The government has conveyed its “deep concern” to the US administration over attacks on Indians there, External Affairs Minister Sushma Swaraj said today, asserting that the safety of Indian diaspora was a top priority.
As Lok Sabha members thumped their benches to welcome her to the House following her absence due to health issues, she highlighted the steps taken by the government following three recent incidents of attacks, including suspected hate crimes, rejecting opposition criticism that it had kept mum.
“To say that we did not take any step or maintained silence is absolutely wrong. This government can never keep silent over such incidents. This is not in our work culture. We always do more that what is expected of us,” she said, responding to Congress leader Mallikarjun Kharge’s criticism.
The Minister said that even when she was convalescing, she had spoken to the family members of the victims and officers of Indian consulate general had reached out to them.
Prime Minister Narendra Modi, who is being accused of silence, sought daily updates from her ministry amid his busy election campaign, Swaraj said.
“The government has taken up this issue with the US government at very high-levels and conveyed our deep concerns. We have called for necessary measures to ensure the safety and security of Indian diaspora and expeditious investigation into these incidents,” she said.
Foreign Secretary S Jaishankar discussed the matter with ministers and senior functionaries of the US administration as well as with the Congressional leadership during his recent visit there during February 28-March 3, she said.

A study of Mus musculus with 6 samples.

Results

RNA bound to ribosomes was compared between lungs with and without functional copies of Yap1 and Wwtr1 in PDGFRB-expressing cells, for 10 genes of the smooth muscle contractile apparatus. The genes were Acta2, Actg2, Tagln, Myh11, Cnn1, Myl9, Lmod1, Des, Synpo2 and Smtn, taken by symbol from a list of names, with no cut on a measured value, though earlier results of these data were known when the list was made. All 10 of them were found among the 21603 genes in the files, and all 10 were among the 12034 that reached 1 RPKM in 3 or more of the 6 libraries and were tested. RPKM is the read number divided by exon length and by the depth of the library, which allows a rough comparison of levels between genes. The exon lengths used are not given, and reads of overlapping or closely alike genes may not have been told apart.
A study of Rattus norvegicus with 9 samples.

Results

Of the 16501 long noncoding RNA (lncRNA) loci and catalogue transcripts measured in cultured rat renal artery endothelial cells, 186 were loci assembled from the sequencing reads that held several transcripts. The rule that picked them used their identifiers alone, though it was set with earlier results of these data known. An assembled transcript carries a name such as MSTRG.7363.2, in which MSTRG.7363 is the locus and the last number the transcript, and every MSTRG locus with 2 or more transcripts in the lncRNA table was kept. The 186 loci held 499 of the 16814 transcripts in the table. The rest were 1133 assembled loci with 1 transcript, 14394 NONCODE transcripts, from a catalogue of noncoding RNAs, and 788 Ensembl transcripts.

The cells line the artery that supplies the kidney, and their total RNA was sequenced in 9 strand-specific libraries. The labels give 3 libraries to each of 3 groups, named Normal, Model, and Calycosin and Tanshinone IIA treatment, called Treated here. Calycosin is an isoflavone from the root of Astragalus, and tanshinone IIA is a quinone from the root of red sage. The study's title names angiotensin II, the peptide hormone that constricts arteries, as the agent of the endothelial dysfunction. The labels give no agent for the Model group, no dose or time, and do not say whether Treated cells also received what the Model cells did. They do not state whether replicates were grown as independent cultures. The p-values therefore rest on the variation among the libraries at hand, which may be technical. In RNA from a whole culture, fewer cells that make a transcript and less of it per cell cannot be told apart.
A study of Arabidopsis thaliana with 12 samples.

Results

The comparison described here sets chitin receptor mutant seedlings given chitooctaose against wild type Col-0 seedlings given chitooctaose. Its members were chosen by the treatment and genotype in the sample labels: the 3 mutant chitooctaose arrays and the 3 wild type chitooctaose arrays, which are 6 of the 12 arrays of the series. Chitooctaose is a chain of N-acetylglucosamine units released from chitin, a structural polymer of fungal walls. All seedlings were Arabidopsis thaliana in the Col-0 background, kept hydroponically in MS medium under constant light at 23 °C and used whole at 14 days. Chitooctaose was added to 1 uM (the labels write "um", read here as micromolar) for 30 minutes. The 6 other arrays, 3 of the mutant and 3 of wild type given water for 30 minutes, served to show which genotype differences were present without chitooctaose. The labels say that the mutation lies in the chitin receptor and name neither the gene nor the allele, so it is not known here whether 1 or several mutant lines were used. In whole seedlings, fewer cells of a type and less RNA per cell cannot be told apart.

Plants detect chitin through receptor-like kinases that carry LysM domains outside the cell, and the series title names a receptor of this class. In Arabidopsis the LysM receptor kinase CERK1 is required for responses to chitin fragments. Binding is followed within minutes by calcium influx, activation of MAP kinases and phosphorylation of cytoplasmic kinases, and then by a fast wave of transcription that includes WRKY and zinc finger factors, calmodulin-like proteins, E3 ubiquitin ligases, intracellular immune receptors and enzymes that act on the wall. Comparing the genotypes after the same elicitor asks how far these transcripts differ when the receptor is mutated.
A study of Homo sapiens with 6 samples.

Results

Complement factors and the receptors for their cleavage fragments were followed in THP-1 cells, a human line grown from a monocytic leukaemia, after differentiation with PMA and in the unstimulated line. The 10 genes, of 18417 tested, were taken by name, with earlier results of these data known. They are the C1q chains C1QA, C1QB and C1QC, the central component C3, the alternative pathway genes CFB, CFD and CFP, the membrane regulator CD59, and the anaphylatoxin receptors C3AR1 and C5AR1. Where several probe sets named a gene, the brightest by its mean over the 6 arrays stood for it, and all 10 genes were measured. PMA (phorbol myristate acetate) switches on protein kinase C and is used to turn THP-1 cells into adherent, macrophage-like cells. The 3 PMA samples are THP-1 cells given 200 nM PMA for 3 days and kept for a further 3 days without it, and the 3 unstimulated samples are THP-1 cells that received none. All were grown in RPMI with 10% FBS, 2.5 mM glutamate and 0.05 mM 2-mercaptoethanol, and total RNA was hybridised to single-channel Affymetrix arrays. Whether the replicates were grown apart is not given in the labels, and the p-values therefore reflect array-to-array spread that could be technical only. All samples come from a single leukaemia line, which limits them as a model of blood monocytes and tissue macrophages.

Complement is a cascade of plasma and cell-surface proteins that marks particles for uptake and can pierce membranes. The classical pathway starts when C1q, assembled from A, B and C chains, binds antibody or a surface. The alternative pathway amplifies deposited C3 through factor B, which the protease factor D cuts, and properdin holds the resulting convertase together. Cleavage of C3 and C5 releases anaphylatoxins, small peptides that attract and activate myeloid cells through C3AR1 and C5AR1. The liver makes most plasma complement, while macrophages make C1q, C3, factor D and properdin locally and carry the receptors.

“I would like to reassure the House and the members that safety and security of India diaspora abroad remains a top priority for this government… We will remain vigilant to developments impacting the lives of Indians abroad and do everything possible to safeguard their interests and welfare,” she said.
Swaraj also referred to President Donald Trump’s condemnation of Kansas shooting in which Indian engineer Srinivas Kuchibhotla (32) was shot dead by an American in a suspected hate crime and condolences from other top US officials including House of Representative Speaker Paul Ryan.
“The fact that broad sections of the American society have expressed their deep sorrow and regret over these incidents reassures us that despite these individual incidents, the American society values the people-to-people engagement between our two countries,” she told the Lok Sabha. People-to-people contacts are the foundation on which the India-US strategic partnership has been built, she said.